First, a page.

Judiciary roots for mediation to reduce backlog

From left judges: James Wakiaga, George Dulu and William Musyoka at a Milimani court on October 21, 2021. [Collins Kweyu, Standard]

High Court judge William Musyoka said alternative dispute resolution mechanisms will help reduce the backlog in courts and ensure parties involved resolve issues amicably.

Speaking during a sensitisation event on alternative dispute resolution mechanism at Kakamega law court yesterday, Justice Musyoka regretted that the public had failed to fully adopt the mediation programme dubbed ‘Court Annexed Mediation’ introduced five years ago.

“The approach is not only cost-effective but also offers solutions for mutual benefit and preserves long-term relations between parties,” said Justice Musyoka.

The mediation process is recognised in law and encouraged.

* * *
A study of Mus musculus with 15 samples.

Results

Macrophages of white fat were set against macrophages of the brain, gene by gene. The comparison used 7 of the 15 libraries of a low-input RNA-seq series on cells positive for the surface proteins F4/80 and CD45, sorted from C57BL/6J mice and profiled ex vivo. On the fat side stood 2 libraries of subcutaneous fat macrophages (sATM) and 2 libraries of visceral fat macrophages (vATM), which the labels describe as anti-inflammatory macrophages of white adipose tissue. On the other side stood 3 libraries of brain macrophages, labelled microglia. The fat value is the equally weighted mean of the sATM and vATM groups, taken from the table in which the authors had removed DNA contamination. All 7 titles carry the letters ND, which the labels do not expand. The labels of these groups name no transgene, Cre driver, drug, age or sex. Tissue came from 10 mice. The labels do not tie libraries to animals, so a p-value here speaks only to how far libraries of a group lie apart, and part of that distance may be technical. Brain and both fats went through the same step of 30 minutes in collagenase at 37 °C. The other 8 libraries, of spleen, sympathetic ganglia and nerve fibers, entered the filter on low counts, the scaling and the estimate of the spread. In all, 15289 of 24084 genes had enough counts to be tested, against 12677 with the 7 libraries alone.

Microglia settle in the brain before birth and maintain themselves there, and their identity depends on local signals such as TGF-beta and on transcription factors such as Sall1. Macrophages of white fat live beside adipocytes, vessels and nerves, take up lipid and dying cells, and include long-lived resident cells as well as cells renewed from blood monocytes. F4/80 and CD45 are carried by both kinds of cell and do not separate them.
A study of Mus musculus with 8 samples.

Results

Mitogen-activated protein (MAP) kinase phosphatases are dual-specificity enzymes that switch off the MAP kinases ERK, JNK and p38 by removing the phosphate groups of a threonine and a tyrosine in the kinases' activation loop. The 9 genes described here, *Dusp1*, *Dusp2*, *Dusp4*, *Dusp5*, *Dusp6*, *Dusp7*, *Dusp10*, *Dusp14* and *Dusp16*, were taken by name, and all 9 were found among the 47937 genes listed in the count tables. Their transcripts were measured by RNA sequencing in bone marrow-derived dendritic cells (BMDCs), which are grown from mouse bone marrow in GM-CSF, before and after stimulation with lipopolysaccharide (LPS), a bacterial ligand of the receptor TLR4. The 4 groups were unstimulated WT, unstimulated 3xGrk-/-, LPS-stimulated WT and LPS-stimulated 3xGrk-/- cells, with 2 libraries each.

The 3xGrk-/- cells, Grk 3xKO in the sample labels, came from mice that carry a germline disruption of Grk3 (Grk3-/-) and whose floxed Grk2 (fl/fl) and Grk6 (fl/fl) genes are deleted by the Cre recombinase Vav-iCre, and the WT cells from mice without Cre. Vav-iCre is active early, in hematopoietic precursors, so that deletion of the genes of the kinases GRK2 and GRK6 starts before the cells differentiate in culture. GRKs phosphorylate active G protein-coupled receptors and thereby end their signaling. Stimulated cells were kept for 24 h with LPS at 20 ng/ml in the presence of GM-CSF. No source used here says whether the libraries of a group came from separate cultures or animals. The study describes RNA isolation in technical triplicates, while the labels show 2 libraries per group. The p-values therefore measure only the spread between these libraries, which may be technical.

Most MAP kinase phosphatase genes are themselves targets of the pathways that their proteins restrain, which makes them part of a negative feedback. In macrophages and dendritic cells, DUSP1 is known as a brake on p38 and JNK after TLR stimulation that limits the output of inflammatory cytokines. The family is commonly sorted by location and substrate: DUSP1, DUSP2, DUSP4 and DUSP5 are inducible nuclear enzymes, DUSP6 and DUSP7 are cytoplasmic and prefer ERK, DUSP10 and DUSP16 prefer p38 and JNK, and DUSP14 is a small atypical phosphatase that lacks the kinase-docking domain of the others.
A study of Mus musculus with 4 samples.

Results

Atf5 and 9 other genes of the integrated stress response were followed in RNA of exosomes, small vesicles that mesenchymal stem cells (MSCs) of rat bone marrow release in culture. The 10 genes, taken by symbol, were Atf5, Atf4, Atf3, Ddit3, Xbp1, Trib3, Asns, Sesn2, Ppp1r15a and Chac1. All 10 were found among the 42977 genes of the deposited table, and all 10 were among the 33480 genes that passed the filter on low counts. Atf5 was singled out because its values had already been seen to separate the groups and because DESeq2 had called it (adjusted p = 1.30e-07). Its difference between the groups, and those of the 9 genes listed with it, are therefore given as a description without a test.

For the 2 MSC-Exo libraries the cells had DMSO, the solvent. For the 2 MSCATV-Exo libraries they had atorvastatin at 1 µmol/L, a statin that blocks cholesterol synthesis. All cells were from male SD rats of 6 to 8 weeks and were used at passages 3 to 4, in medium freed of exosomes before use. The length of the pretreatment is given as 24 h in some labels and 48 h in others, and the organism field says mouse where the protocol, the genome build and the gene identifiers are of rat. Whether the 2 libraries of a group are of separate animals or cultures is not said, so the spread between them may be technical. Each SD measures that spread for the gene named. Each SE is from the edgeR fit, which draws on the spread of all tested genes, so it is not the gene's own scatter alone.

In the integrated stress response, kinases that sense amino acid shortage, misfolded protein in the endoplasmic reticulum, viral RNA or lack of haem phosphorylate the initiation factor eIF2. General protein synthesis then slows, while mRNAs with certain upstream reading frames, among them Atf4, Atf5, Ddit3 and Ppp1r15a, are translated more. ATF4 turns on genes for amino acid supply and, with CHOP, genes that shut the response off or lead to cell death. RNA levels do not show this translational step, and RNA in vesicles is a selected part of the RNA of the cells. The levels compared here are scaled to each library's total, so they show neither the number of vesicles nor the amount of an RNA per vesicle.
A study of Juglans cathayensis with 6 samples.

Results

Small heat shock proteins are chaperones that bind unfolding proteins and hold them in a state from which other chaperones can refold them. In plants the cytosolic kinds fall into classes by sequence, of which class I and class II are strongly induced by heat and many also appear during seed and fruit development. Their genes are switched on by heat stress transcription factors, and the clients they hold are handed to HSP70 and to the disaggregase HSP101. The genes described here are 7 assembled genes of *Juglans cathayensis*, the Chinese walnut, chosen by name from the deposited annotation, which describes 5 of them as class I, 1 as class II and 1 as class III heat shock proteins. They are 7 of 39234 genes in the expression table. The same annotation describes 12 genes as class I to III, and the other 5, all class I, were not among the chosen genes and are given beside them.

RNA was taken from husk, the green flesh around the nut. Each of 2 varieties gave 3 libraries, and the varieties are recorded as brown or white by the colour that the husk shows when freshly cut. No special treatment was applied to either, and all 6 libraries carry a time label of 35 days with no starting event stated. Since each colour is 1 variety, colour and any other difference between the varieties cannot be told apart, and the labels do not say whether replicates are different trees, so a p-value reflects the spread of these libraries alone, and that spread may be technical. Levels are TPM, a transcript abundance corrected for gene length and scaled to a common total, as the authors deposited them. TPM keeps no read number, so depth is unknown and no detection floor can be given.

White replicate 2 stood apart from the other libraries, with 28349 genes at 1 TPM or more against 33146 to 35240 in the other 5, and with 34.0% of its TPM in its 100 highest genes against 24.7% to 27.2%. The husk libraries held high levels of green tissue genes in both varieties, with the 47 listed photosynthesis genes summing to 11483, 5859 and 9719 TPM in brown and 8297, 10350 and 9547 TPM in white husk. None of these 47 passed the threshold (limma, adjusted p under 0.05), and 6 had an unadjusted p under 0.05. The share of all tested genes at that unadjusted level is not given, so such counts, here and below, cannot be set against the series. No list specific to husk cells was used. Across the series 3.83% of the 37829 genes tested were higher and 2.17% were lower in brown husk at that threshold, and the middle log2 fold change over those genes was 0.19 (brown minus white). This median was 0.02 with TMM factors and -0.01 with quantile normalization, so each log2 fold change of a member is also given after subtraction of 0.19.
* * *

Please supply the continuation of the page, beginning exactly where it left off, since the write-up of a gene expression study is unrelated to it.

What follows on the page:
“Land cases are common in this region and the more we reproduce them, the more the cases will increase. I encourage families to dialogue,” said Mr Dalmus Ohungo, a presiding land and environment judge.

According to Justice Ohungo, the courts have solved at least 45 cases through mediation within six months. 

With the assistance of accredited mediators, the mediation is conducted in a confidential process to solve children cases, family, succession, employment, labour relations, and environment and land disputes among others.

Ms Grace Ambani, a beneficiary of the mediation process, said it is flexible and effective.

“The procedure is modified to fit parties’ demands. It’s a cost-effective process.